Take a step back into history. The original road from the 1800s runs through the two-acre property and four separate buildings house an extensive collection of items and photographs of historical significance to the area. The property is pet friendly and the buildings are handicapped accessible, so visitors and travelers of all ages will enjoy this educational “way station” stop on the way up or down the mountain.
Drive through the gate, over the hill and park near the Barn. A docent volunteer will greet you, ask you to sign our guestbook, and offer you a tour or tell you how to explore on your own. You can make a quick stop or take your time. We hope you come back often.
The Kennedy Barn
This big, old barn was built by Hazel Kennedy and her son Patrick with lumber that was floated down from the Sugar Pine Lumber Mill. The Kennedy Barn houses hundreds of historical items, artifacts, and photographs of everyday mountain life dating back to the original indigenous people, the exciting Gold Rush and Mining era, and early pioneer ranching times in and around Coarsegold.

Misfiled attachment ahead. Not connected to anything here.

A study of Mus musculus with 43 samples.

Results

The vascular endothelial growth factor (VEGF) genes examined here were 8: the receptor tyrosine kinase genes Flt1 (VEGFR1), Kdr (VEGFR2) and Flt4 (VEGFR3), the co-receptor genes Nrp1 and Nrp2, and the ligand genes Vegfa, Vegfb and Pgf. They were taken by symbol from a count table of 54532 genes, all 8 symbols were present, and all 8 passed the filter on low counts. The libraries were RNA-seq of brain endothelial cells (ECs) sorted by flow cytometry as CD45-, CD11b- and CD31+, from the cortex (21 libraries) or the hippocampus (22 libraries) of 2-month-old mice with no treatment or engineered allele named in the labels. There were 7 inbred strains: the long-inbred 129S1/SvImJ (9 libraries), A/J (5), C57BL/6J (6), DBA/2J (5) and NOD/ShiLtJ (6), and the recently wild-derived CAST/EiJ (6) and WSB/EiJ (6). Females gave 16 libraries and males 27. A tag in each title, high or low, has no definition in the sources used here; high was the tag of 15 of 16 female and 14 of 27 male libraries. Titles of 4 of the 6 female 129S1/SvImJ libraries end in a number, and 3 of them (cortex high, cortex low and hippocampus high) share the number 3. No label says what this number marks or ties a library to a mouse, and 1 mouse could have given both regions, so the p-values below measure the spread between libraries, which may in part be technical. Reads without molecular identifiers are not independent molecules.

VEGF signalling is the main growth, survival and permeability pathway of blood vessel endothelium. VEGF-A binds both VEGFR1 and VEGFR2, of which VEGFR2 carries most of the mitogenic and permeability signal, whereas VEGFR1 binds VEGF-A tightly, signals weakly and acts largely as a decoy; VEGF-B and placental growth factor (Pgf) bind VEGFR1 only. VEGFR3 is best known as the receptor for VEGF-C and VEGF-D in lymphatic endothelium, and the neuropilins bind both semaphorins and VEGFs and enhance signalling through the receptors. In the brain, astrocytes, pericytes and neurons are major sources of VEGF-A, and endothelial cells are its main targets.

This historic “packed adobe” is original to the property and was built with rocks and mud in the late 1890s. It served as a way station for freight wagons that brought supplies up the mountains from the valley. The Adobe has been restored, and rooms were added as families lived there over the years. Today the Adobe displays antique furnishings and items typical of its rich history.
The Picayune School was used by the local Indian children from 1913-1956. It is the only one-room schoolhouse in the local mountain areas to be displayed as a school and is furnished with items dating to the period of its original use. The picnic area next to the schoolhouse provides welcome shade on hot days in the foothills.
The Blacksmith Shop is functional and was constructed by volunteers in 2012 with 100-year-old cedar planks salvaged from a barn on the Al Veater Ranch in Coarsegold.
The Native American Village is typical of the Chukchansi and Yokut people and was built on the hill across from the Adobe by the Morris Family in 2010. It features two cedar bark teepees, ten grinding holes, an acorn leaching table, a fire pit, and an acorn granary.